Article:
Pro-life feminist group new wave feminists removed from Women’s March partnership list.

Does Being a Feminist Mean Being Pro-Choice? The Women’s March on Washington Says Yes.

Does Being a Feminist Mean Being Pro-Choice? The Women’s March on Washington Says Yes.

The XX Factor
What Women Really Think
Jan. 17 2017 2:03 PM

Women’s March on Washington Says No to Pro-Life Feminist Group


Alex Wong/Getty Images

Is it possible to oppose abortion rights and call yourself a feminist? The well-worn question has arisen again this week as an anti-abortion feminist group has been ousted from its partnership with Saturday’s Women’s March on Washington.

Ruth Graham Ruth Graham

Ruth Graham is a regular Slate contributor. She lives in New Hampshire.

Destiny Herndon-De La Rosa applied for her organization, New Wave Feminists, to become a formal partner of the march in early January. New Wave Feminists describes itself as a “Badass. Pro-life. Feminists.” Herndon-De La Rosa, who lives in the Dallas area, has long been outspoken in her opposition to Donald Trump. “Donald Trump is the guy who asks to buy you a drink at the bar and when you tell him you’re not interested, he calls you as a cunt and says he didn’t want to do it anyway,” she told me in August. Today, she told me she accepts the election results but wants to do her part to speak up against the president-elect’s misogyny. She sees the march as “a strong, united female voice to say ‘we’re watching you and we’re holding you accountable,” she said. “We were really excited to be included in that voice.”


Not so fast! Several prominent feminist writers quickly pushed back online:

The march’s leadership responded almost as quickly, removing New Wave Feminists from its list of partners and issuing a statement that said the march’s platform is pro-choice and that “the anti-choice organization in question is not a partner of the Women’s March on Washington. We regret the error.” Herndon-De La Rosa sounded amused by the idea that her inclusion was an “error.” She said she had to submit a bio and links to her website and social media accounts in her application, all of which make clear that her goal is to “make abortion unthinkable.” She also said no one from the march contacted her before revoking her partnership and releasing the statement. (The co-chair of the march who sent Herndon-De La Rosa confirmation of her group’s partnership did not respond to an email request for comment as of Tuesday morning.)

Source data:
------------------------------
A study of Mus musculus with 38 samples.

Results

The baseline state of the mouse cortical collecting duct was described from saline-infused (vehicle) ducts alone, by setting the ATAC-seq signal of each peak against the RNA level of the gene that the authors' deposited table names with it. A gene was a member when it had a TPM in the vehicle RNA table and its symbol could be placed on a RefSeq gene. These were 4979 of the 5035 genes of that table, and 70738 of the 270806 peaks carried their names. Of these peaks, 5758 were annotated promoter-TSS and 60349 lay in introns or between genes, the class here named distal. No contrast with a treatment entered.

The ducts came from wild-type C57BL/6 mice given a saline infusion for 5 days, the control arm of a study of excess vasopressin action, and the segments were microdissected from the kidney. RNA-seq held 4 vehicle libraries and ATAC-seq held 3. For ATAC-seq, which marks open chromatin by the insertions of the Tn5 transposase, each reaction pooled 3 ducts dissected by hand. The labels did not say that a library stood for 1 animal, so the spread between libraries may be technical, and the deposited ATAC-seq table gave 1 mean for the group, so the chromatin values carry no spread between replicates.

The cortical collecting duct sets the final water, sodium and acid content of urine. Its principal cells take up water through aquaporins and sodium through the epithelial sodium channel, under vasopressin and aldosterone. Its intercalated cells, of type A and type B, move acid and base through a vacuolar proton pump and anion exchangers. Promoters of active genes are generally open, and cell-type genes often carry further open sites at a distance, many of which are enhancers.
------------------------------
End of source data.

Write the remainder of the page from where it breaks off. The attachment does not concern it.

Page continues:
The Women’s March platform, released last week, is indeed firmly pro-choice. Herndon-De La Rosa applied for partnership before that platform was released, but it didn’t stop her from being willing to stand side by side with women with whom she profoundly disagrees on the question of abortion rights. “We have a different opinion, but there are so many ways our beliefs overlap,” she told me. “The idea that feminism is this club, and you can be anything you want but not pro-life is so ironic.”

Of course, feminism is a kind of club—if it has no shared principles, then it has no meaning. But by publicly rejecting the “membership” of women who oppose abortion rights, feminist leaders leave many potential allies on other issues behind. That may be a rational calculation for the sake of movement unity, but it’s no small number of people to reject. A 2015 poll by PPRI found that more than half of millennial women who identify as feminists consider themselves pro-life (18 percent) or both pro-life and pro-choice (37 percent).

When she first applied for partnership in this weekend’s march, Herndon-De La Rosa had expected to attend with between 50 and 100 pro-life feminist peers, including representatives of Life Matters Journal and other groups. She is still planning on attending—she’s flying to Washington on Friday—and she hopes the publicity over her revoked partnership status will encourage even more people to turn out. Her group has signs all ready to go, with slogans including “Pro-peace, Pro-life,” “Women are never property, even in the womb,” and “Abortion is the epitome of ‘Might makes right.’ ” She could add one more, a quote from Hillary Clinton in an interview last spring: “Of course you can be a feminist and be pro-life.”